April in Toronto: Astronomical Easter Egg hunts and Stargazing
TORONTO, ON, CANADA — York University Allan I. Carswell Observatory
Toronto’s Easter eggs in the sky: When thinking of searching for hidden things, most astronomers will quickly point to their favourite items up in the sky. Some of them have been true ‘Easter Eggs’, surprising and inspiring us all. Others we can still see up in the sky for the next week or so!
One of my all time favourite astronomical Easter eggs was the ‘Eggs’ discovered on Mars by the Opportunity rover near Fram crater in 2004. Sometimes called blueberries, they resemble closely the coloured eggs of Easter fame and provided evidence of a watery history for our red neighbour planet. While these eggs are unlikely to hatch, a lively discussion about water on Mars soon emerged. For some images of these spherical surprises see: https://mars.nasa.gov/resources/6944/martian-blueberries/
Another great astronomical Easter egg can be found in the form of Vesta, the second largest object in the asteroid belt. Vesta was discovered in 1807, but at that time, they did not yet realise that it was roughly the shape of a slightly melted chocolate egg. Narrowly missing out on being qualified as a dwarf planet, unlike most asteroids, the interior of Vesta is differentiated (it has a rocky mantle with an iron/nickel core). Observations since have shown it to have had two ‘bites’ taken out of it by some other hungry solar system inhabitants (likely other asteroids). These two large bites, or ‘craters’ as we sometimes call them are both over 400 km or 249 miles wide. This object is so large that if it were at the distance of our Moon (as shown above) it would be easily visible to all of us here on Earth.
Of course no astronomy Egg hunt would be complete without Haumea, a surprisingly shaped dwarf planet all the way past Neptune’s orbit. The farthest out in this list, Haumea has an egg-ceptionally large spin, which gives it a very nice oblong-shaped appearance with a red dyed top. It likely had some kind of collision in its past to have such a high spin and strange shape, but as it is almost a third of the mass of Pluto and very bright it can be seen with medium-sized and large telescopes. So far most images have been very poor resolution, but fortunately some very good artists’ renditions are available (as shown).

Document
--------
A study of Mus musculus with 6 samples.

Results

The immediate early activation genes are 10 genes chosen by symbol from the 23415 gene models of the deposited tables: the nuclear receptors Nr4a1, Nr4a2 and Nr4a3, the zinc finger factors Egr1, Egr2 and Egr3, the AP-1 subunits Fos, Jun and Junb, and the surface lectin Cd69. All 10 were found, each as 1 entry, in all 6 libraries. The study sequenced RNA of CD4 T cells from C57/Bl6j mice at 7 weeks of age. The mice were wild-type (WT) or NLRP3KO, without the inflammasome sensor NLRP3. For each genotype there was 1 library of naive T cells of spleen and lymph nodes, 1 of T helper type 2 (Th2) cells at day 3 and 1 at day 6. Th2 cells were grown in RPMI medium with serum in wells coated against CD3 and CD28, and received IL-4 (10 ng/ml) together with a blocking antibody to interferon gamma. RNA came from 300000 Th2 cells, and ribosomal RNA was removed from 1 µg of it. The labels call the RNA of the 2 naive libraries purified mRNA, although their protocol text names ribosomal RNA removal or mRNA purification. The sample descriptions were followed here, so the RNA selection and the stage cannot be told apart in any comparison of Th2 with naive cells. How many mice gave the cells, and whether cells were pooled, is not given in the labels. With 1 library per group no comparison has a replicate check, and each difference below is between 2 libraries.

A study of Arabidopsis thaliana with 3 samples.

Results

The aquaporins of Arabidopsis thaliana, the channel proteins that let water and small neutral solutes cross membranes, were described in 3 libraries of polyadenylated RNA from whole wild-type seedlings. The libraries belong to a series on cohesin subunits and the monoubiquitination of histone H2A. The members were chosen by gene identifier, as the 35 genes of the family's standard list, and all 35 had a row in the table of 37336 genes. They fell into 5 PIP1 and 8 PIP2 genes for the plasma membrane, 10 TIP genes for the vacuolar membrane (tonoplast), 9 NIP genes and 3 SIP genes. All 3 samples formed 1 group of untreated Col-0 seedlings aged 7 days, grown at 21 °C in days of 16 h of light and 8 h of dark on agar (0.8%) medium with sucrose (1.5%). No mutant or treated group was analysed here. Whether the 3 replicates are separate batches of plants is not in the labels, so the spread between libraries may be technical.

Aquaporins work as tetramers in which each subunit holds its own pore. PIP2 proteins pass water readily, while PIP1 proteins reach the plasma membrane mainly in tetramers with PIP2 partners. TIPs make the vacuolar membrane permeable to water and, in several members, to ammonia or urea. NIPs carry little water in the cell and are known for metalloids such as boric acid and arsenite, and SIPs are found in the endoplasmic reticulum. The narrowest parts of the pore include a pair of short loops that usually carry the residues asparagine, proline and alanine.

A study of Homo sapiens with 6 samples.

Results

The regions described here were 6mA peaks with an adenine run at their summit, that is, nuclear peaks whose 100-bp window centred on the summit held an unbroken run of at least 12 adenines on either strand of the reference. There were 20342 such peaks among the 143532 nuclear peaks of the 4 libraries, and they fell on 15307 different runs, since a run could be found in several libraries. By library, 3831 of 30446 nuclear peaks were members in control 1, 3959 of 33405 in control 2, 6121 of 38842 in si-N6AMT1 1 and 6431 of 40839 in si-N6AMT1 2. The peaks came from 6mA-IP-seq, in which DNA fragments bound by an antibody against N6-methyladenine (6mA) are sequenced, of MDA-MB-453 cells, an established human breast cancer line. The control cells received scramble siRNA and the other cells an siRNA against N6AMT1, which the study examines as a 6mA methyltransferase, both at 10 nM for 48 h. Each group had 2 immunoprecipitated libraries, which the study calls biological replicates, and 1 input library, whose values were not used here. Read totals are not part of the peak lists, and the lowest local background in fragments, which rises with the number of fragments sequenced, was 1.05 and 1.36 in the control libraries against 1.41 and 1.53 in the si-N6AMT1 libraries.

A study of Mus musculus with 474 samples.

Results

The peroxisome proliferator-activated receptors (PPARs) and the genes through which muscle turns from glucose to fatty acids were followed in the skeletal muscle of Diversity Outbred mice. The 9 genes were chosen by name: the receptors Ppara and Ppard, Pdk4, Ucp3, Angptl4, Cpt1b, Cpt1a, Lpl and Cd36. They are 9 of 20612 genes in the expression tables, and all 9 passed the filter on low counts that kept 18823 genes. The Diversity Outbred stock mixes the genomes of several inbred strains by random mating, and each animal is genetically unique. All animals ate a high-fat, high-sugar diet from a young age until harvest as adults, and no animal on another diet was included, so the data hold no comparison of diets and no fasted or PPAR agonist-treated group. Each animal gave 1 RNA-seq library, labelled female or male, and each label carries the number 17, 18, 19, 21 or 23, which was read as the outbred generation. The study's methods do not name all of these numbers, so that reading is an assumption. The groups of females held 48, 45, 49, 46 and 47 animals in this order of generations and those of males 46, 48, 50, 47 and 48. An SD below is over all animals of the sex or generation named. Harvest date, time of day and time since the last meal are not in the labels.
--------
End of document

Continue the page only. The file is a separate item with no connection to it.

Finally, looking up into our own Toronto skies this next week, the astronomy hunt can continue in good form. If you are a night owl, the still very full super Moon rises at about 11pm, making for lovely viewing in the East. If you don’t want to stay up late you can catch the constellation Orion just after sunset (after 8pm). In particular if you examine the constellation Orion you will still be able to see the red star Betelgeuse, back to almost its regular light level, after exciting astronomers the last few months by dimming substantially. The planet Venus is also a great find this week, shining brightly in the west during and after twilight. If you are looking towards Venus you may also be able to spot the bright blue open cluster of the Pleiades and the constellation of Taurus with its bright red ‘eye’ (the star Aldebaran)!
Whether you are interested in searching the night sky or the telescope archives, this coming week holds a great deal to egg-cite the imagination of us all. Anyone interested to join in on these topics and more from the comfort of their own home can visit our online public viewing chatroom every Monday evening at 9pm from York University’s Allan I. Carswell Observatory (in conjunction with our York Universe radio broadcast at astronomy.fm). The observatory chatroom will continue to be available every Monday night, even with the university closures. The next York Universe broadcast will be April 20, 2020 from 9–10pm Toronto time!